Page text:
A passion for pollinators

A passion for pollinators


Life & Style
Native bee advocate Steve Maginnity, an agricultural-science teacher at Alstonville High School, is passionate about these indigenous pollinators.

Native bee advocate Steve Maginnity, an agricultural-science teacher at Alstonville High School, is passionate about these indigenous pollinators.



The European honeybee, Apis mellifera, is the insect most growers turn to when their flowers are blooming, but other factors come into play at this time of year – like the 1500 different species of native bee.

“Most are solitary,” explains Steve Maginnity, a passionate native bee consultant on the Far North Coast who has been involved in the science of bees for the past decade.

In between times he teaches agricultural science at Alstonville High School and it was at school he became interested in native bees.

“Approximately 14 species are social and one of those, Tetragonula carbonaria, is endemic to this region.”

“They’re stingless, so I was able to teach my students about beekeeping without having troubles with anaphylactic shock,” he says. What he has discovered since is simply mind boggling.

For instance, native bees – being so small – do the best job of cross pollinating macadamia flowers to the point that University of Queensland studies have shown an increase in overall yield of 13 to 19 per cent. More remarkably, the bees’ ability to cross pollinate between different varieties has been shown to produce a 30pc increase in kernel size.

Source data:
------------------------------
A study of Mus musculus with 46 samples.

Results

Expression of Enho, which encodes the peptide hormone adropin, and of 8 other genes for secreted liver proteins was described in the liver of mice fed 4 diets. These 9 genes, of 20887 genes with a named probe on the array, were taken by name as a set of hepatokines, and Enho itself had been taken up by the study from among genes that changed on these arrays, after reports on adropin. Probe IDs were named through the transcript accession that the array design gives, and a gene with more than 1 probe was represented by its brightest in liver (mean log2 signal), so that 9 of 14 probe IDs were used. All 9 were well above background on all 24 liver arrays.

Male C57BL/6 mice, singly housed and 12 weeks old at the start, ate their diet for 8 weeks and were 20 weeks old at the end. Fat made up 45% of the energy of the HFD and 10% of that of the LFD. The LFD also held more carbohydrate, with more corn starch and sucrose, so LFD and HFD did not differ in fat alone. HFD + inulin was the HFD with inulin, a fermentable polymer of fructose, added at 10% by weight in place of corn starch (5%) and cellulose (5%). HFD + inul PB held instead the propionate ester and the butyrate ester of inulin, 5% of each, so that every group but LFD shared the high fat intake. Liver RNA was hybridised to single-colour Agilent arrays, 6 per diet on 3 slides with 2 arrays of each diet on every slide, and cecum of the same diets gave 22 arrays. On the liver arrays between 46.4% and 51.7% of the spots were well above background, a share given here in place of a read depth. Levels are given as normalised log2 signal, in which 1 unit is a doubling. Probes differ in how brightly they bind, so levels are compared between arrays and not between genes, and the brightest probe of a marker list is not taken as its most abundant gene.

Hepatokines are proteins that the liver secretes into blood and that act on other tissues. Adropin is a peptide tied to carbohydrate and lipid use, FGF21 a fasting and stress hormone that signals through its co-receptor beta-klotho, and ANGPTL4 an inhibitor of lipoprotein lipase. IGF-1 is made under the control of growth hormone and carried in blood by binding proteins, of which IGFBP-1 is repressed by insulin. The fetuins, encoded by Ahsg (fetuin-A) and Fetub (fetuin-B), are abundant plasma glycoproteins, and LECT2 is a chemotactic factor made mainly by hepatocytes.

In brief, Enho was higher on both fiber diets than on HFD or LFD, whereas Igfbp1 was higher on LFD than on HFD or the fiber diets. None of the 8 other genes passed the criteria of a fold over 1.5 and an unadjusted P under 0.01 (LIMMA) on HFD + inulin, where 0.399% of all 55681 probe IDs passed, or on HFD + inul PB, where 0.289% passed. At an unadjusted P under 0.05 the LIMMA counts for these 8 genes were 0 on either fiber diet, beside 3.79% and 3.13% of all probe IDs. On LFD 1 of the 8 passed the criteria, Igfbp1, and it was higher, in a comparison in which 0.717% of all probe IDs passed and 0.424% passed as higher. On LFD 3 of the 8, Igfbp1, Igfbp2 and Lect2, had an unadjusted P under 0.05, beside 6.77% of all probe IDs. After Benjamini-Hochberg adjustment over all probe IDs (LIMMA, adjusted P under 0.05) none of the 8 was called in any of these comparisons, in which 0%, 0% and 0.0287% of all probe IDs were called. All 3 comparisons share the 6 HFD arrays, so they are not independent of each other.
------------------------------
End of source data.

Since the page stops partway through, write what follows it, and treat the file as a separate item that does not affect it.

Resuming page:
For those just coming into the business of growing macadamias an opportunity exists to reap the benefits of native bees in their orchards. - Steve Maginnity

For these reasons Mr Maginnity says it makes sense to stock native bee hives in macadamia orchards at the rate of one hive for every 50 trees, or five hives per hectare.

In Mr Maginnity’s own private blueberry trial, in conjunction with a major North Coast grower, native bees have been found to increase yields by 10pc because the native bee is able to enter the blueberry’s bell-shaped flower, unlike the honey bee which has to lick the pollen from outside.

The bees also do a great job on tropical fruits like longan and lychees, though scientific trials have not yet been performed.

These little insects also have great resilience against foul brood, they will not contract varroa and they defend well against small hive beetle by burying the pests in a wall of wax and resin.

“It’s quite amazing to watch,” he says.

Just like European bees, Tetragonula is social, with a queen and workers, and guards. But there are differences.

When a hive becomes crowded the queen doesn’t swarm away with her brood. Instead a new site is chosen, sealed off from the elements, stocked with food and guarded before a selected virgin queen flies to her new home. For this special reason, native bee populations can be increased over time without losing numbers to neighbouring locations.

Mr Maginnity hires his hives, and he also manages hives owned by orchardists.

“Those who have used hives before have no hesitation in using them again,” says Mr Maginnity.

“For those just coming into the business of growing macadamias an opportunity exists to reap the benefits of native bees in their orchards.”